I’ve heard it a million times: “Actions speak louder than words.”

In a country like the U.S., where we vote with our dollars, that becomes even more true. We make a demand and the supplier who meets it wins the sale. Sometimes the government—the officials we elected to regulate policy—can give a push to make it happen. The question is, are we speaking up?

Three weeks ago, we bought a used van for our millwork shop. With a price tag of only $500, it seemed like a great deal. A few days later our shop foreman said the van was getting barely 12 MPG. No problem, I thought. We just need a tune up. Sadly, that did nothing.

The van is circa mid to late 90s. We checked, and the rated MPG when it was brand new was only 13 MPG. At the time, that was all the federal government required. As it turns out, it was operating at peak fuel efficiency.

Due to the rising price of gas, consumer demands and resulting government regulations, fuel-efficiency standards have increased. Pickup trucks are in the 20-MPG range now. Down the road, they’ll probably get closer to 30 MPG. To me, this is an example of the government pressing us to do better. In a perfect world, we’d all become more energy efficient on our own. But the reality is, sometimes laws are needed to encourage businesses (and people) to do the right thing.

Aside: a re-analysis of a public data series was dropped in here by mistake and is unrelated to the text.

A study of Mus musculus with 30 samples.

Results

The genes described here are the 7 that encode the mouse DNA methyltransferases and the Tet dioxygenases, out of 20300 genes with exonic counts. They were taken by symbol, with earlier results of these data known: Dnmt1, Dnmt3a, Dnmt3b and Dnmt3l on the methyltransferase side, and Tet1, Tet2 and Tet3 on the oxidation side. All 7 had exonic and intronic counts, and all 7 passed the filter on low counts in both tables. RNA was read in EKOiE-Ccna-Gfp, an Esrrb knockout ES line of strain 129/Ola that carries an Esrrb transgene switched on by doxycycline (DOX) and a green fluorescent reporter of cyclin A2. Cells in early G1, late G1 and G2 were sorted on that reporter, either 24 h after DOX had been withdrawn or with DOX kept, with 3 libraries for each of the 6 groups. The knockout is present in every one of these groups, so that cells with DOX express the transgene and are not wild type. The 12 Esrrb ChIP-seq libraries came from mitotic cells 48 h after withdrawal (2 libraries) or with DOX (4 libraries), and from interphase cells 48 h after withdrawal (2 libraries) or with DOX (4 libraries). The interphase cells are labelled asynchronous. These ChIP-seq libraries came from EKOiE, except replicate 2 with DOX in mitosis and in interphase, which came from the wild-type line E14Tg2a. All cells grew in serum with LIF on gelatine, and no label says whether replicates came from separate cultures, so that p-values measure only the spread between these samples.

On January 1, 2011 every building permit issued in the state of California must be designed to meet green standards. I have no doubt that this can be accomplished throughout the U.S.  I believe we can improve our overall energy efficiency and sustainability practices, like we did with fuel mileage.

So, are you letting manufacturers and elected officials know what you want? We can prompt a gentle nudge in the right direction.